If you go out to eat in New Mexico, there’s a good chance your server will ask you, “Red, green, or Christmas?”, when ordering. It basically means, do you want your food smothered in red or green chile…or both.

In this state, the green chile is king. So much so that it’s the official state vegetable and the peppers are often an essential ingredient in pretty much any food group, from sauces and stews to chili rellenos.

“New Mexico is special,” said Carole White the CEO of the New Mexico Restaurant Association. “You can go across the border in Colorado, Arizona and Texas and you will not get New Mexican chile.”

Red and green chiles have been part of New Mexico’s culture for more than a century. And White isn’t alone in her affinity for these peppers, which are a spicier cousin of the Anaheim chili.

While most locals have always been fans, over the last several years, officials have worked hard improve brand recognition of New Mexico’s iconic crop outside state lines.

Today, demand is starting to outpace supply, meaning many restaurants are now struggling to make it through the year on their locally grown stashes. And to avoid running out of chiles altogether, they’re beginning to look internationally.

“A huge portion of that demand is coming from Mexico,” said Rick Ledbetter, the president of the New Mexico Chile Growers Association.

While drought plays some role in the issue, the main problem for state growers is labor because the chiles are delicate and have to be hand picked.

“It’s just very hard to find people in the U.S. who will do that kind of work,” Ledbetter said.

Chile farmers typically pay by the bushel, but Ledbetter estimates most workers in his area earn about $12 an hour.

According to the New Mexico Department of Agriculture, farms in the state grew about 8,300 acres of chiles in 2015. Compare that to the 86,000 acres that just one state in Mexico is using to grow chiles.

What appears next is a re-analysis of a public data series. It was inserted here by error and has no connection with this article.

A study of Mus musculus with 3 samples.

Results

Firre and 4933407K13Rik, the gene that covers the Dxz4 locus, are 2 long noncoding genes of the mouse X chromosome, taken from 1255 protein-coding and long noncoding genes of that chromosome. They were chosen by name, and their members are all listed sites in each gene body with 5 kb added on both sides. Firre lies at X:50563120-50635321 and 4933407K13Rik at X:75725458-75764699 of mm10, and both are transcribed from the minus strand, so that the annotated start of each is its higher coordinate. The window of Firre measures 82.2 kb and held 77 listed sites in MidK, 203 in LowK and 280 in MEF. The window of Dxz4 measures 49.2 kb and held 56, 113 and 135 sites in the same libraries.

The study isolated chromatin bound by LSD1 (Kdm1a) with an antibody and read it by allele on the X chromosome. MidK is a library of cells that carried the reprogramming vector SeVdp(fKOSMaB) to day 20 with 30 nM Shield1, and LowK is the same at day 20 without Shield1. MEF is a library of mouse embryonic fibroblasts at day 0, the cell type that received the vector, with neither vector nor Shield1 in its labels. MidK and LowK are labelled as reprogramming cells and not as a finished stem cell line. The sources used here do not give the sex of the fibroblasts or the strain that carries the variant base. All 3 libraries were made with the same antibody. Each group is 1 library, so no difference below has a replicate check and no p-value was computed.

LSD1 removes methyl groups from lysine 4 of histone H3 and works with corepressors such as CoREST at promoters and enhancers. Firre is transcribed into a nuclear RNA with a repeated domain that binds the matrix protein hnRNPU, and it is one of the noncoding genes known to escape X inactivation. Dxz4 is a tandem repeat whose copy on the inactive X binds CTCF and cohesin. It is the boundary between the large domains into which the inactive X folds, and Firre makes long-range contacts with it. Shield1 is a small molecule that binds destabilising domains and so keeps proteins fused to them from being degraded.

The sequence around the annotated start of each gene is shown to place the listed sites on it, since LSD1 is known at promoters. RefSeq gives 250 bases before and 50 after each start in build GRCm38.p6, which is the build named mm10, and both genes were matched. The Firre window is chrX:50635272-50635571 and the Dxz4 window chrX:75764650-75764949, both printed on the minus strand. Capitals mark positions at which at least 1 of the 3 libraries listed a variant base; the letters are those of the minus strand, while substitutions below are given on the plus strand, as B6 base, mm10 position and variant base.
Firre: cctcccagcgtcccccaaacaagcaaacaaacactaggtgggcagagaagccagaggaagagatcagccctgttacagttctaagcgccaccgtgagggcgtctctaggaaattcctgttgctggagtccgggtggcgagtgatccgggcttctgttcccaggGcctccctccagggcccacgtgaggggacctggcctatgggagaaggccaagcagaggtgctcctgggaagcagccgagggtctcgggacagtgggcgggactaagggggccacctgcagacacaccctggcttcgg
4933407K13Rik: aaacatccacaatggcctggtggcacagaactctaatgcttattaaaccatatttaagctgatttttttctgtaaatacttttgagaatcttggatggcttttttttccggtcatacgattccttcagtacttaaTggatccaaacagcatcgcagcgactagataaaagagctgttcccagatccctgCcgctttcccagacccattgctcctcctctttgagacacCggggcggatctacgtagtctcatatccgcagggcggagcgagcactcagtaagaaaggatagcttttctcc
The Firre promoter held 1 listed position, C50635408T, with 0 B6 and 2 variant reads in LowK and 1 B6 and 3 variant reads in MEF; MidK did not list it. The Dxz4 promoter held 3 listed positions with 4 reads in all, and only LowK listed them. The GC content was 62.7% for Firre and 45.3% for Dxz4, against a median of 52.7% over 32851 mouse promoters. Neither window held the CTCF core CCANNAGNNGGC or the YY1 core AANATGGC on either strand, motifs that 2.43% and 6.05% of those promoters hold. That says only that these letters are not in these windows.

“So right there tells you where we’re at,” he said .

Today Ledbetter’s hope lies in machines that can pick these delicate vegetables, but large scale use of those is still a ways off.

Carrie Jung Senior Field Correspondent, Education Desk Carrie Jung began her public radio career in Albuquerque, N.M., where she fell in love with the diverse cultural scene and unique political environment of the Southwest. Jung has been heard on KJZZ since 2013 when she served as a regular contributor to the Fronteras Desk from KUNM Albuquerque. She covered several major stories there including New Mexico's Supreme Court decision legalizing same-sex marriage and Albuquerque's failed voter initiative to ban late-term abortions. Jung has also contributed stories about environmental and Native American issues to NPR's Morning Edition, PRI's The World, Al Jazeera America, WNYC's The Takeaway, and National Native News. She earned a bachelor's degree in psychology and a master's in marketing, both from Clemson University. When Jung isn't producing content for KJZZ she can usually be found buried beneath mounds of fabric and quilting supplies. She recently co-authored a book, "Sweet And Simple Sewing," with her mother and sister, who are fabric designers.